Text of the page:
Political Posturing & Patent Reform

With the Senate momentum on Patent Reform Bill S.515 seemingly leading to a vote before Memorial Day, House members seeking a voice in the final bill have focused opposition efforts on the PTO funding/fee diversion aspect of the bill.

Wednesday, in an exchange with USPTO Director David Kappos during an oversight hearing with the House Judiciary Committee, Chair John Conyers (D-Mich.) and Rep. Lamar Smith (R-Texas) probed the USPTO on whether or not the PTO funding should be severed from S.515 as a stand-alone bill.

As one of the drivers behind moving the bill forward is clearly the urgency of the PTO funding issue, the sniping from the House appears to be more of a tactic to force compromise rather than a genuine interest in a separate bill. Certainly, taking the wind out of the Senate sails by removing fee diversion could provide an opportunity to bog down S.515 in further debate.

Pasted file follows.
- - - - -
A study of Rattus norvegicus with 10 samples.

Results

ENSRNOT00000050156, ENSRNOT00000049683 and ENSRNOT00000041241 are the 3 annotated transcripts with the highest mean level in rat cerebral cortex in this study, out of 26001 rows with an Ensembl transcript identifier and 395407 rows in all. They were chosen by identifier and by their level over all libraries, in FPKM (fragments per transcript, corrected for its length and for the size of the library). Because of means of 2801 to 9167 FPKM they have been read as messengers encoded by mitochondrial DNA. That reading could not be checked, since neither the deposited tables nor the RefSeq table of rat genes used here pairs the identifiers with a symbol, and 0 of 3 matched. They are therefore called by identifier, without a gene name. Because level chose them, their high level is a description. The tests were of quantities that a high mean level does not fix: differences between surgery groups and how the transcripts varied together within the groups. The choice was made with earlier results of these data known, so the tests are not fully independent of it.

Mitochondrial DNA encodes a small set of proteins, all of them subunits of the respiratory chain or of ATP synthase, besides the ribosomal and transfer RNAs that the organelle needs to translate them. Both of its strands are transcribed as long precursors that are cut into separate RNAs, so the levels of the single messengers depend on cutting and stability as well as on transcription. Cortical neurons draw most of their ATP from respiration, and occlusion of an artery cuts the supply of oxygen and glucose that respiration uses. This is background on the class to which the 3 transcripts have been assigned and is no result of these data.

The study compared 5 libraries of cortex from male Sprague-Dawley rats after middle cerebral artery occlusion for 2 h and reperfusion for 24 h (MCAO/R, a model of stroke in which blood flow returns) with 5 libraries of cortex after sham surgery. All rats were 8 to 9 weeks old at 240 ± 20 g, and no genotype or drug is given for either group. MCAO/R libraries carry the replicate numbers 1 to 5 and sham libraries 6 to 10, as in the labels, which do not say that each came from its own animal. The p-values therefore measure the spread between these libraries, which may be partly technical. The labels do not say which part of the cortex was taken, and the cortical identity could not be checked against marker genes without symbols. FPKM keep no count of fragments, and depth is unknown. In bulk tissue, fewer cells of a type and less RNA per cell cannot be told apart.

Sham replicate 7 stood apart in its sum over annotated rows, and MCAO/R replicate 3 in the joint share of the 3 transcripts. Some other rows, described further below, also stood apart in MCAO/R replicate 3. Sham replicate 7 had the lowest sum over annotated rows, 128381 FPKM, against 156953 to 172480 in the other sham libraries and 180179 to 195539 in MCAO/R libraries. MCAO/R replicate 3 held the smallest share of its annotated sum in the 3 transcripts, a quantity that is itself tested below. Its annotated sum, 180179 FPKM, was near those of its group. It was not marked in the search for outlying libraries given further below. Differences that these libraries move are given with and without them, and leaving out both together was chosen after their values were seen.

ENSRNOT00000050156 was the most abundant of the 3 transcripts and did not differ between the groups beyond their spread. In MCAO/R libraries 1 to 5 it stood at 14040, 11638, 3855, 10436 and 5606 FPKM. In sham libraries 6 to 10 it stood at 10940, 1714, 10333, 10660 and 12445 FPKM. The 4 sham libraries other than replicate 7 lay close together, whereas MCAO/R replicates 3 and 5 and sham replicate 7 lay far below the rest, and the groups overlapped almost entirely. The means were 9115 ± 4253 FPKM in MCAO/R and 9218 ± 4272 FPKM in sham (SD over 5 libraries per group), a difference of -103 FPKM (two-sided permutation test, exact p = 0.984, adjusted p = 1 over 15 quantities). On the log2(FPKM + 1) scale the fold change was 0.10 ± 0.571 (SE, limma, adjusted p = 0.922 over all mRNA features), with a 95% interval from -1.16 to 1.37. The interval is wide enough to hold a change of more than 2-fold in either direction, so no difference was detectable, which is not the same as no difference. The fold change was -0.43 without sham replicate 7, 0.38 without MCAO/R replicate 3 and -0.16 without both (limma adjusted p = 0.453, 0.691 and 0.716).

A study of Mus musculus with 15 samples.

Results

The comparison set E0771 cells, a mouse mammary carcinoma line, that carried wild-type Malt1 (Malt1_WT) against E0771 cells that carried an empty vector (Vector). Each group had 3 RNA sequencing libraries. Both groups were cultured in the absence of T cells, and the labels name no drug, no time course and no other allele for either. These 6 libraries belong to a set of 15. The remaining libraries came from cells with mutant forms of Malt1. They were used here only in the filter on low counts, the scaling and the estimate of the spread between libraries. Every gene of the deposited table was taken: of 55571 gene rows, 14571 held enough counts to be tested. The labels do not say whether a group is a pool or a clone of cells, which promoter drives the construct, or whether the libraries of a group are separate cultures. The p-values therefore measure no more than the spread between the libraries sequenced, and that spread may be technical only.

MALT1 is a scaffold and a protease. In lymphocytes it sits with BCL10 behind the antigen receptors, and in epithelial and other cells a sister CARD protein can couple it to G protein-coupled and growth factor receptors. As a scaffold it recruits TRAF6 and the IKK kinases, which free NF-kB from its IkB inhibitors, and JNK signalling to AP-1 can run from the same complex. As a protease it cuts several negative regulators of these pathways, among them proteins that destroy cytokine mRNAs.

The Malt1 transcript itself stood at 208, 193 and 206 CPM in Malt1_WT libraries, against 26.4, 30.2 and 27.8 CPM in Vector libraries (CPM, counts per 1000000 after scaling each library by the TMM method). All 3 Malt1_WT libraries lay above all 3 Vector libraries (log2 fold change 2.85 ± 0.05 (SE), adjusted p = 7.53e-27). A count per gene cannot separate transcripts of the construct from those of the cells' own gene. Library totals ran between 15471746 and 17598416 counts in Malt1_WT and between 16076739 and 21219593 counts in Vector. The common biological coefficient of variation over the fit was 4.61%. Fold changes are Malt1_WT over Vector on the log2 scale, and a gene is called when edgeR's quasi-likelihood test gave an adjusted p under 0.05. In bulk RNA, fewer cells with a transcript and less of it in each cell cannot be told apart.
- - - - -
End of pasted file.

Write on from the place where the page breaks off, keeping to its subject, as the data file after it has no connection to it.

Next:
During the hearing Conyers, stated that efforts to reach a deal with the Senate on S.515 are not progressing noting that the cooperative efforts seem "to be stalled somewhere between House and Senate." Whether this statement is an accurate depiction of the true situation or simply the grandstanding of those on the sideline remains to be seen. Discussions between the House and Senate on S.515 remain ongoing.

Director Kappos stood firm, indicating that the Patent Reform legislation was needed, and that USPTO funding should remain an aspect of the broader bill. Of course, the political maneuvering is likely to continue as the bill winds its way through Congress.